Citation – Fellow of the Australian Society for Parasitology,
Professor Ian D. Whittington
Ian David Whittington completed his PhD at the University of East Anglia, UK in 1986 with Dr Graham Kearn, a leading authority on Monogenea. Ian moved to Queensland, Australia, in 1987 where he worked at the University of Queensland (UQ) in Brisbane as a Postdoctoral Fellow in the School of Biological Sciences. He won a prestigious Queen Elizabeth II Fellowship in 1990 and continued his work in the Department of Parasitology at UQ before accepting a Lectureship at the same institution (1993-1996). He maintained high research productivity during his Directorship of UQ’s Heron Island Research Station (1996 to 1999) and was appointed to Senior Lecturer in 1997. During his 15 years at UQ, Ian built and led the Monogenean Research Laboratory – the only Australian research team dedicated to the study of monogeneans. In July 2001, his group had the honour of hosting the 4th International Symposium on Monogenea, demonstrating significant international recognition for Ian’s research during his early to mid-career.
In January 2002, Ian moved his research group to Adelaide, South Australia, for a joint appointment as a Senior Research Scientist at the University of Adelaide and head of the Parasitology Section at the South Australian Museum (SAMA). In 2006, he was promoted to Associate Professor/Principal Research Scientist. From 2012 he worked as Head of Biological Sciences at SAMA and was actively engaged in research and administrative duties until his death.
Ian promoted innovative studies of whole parasites to understand parasitism in relation to structure, ecology, life history, systematics and taxonomy and that of their host(s). His holistic studies on live parasite biology, behaviour, life cycles, systematics and evolution included many significant contributions.
Ian published more than 170 peer-reviewed papers over his career and led 25 major research projects (ARC Large, Discovery, Small & Linkage grants) to completion. Ian attracted many students and colleagues through his expertise and knowledge of marine parasites, humorous nature and welcoming personality. He was a dedicated mentor, lecturer and supervisor and provided a supportive, professional environment conducive to productive science and promotion of excellence and exceptional quality. Over his career he supervised and graduated 9 PhD and 16 Honours students and mentored 6 postdoctoral fellows. Many of his former students now work in senior roles in aquaculture, academia and government. He received several notable awards during his career including a Queen Elizabeth II Fellowship (1990–1992), a Visiting Professorship Centro de Investigaciones Biológicas del Noroeste, La Paz (2006) and the prestigious Fish Parasitologist of the Month (http://www.diplectanum.talktalk.net/fish/).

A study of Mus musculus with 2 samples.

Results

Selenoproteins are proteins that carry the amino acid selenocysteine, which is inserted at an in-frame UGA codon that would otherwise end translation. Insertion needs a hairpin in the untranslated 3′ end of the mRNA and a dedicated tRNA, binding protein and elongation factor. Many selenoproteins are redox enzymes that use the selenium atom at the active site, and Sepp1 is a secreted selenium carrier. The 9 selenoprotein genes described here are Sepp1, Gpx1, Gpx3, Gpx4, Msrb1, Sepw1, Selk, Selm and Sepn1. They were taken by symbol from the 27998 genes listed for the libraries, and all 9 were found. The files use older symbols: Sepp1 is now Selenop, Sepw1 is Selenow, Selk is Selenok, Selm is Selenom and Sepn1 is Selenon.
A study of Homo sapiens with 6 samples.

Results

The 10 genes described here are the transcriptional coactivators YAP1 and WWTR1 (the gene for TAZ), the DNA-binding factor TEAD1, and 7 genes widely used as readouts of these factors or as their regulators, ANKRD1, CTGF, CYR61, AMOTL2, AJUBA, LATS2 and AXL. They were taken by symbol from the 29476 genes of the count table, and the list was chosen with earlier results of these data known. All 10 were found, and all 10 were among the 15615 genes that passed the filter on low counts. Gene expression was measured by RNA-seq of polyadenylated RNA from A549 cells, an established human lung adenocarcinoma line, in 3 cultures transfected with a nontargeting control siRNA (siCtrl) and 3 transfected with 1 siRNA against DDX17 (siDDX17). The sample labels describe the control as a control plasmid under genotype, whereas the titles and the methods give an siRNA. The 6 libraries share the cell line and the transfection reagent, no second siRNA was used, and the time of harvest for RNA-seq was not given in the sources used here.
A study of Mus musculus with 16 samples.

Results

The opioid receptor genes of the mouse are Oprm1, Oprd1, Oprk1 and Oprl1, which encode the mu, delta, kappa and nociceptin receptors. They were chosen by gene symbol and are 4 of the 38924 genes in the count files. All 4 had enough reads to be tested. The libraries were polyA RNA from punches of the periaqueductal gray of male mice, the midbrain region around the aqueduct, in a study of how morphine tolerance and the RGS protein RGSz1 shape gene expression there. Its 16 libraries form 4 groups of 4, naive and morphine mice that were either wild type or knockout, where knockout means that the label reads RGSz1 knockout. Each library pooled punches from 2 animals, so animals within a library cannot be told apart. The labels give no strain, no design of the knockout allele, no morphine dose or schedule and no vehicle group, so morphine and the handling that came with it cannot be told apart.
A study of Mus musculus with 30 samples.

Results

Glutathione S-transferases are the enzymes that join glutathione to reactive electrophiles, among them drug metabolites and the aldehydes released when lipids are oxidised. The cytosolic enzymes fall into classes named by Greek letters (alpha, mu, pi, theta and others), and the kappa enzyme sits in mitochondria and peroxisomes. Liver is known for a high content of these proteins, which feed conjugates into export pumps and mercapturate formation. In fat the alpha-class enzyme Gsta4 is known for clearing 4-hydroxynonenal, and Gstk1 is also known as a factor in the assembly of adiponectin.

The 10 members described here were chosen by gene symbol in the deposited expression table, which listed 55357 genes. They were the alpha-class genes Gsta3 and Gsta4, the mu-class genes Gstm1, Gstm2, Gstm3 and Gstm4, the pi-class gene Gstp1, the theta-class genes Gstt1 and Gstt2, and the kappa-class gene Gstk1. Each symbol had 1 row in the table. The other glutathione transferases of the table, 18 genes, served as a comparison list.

Ian’s research is well respected internationally and he made considerable contributions to the field through service. He received more than sixteen invitations to speak about his research at national and international conferences and contributed more than fourteen invited peer-reviewed publications. He acted as a grant assessor for numerous national (ARC [IntReader], ABRS, Australian Academy of Sciences) and international (Canada, Czech Republic, Scandinavia, South Africa, UK, USA) schemes. Ian served on the Editorial boards of numerous scholarly journals.
Ian Whittington will be remembered as an inspirational mentor, who changed and shaped the lives of his students and had the admiration and respect of his colleagues. Ian’s contribution to the study of the Monogenea, his dedication to training and supporting early career researchers and his service to the ASP make Ian David Whittington worthy to be elected Fellow of the Australian Society for Parasitology.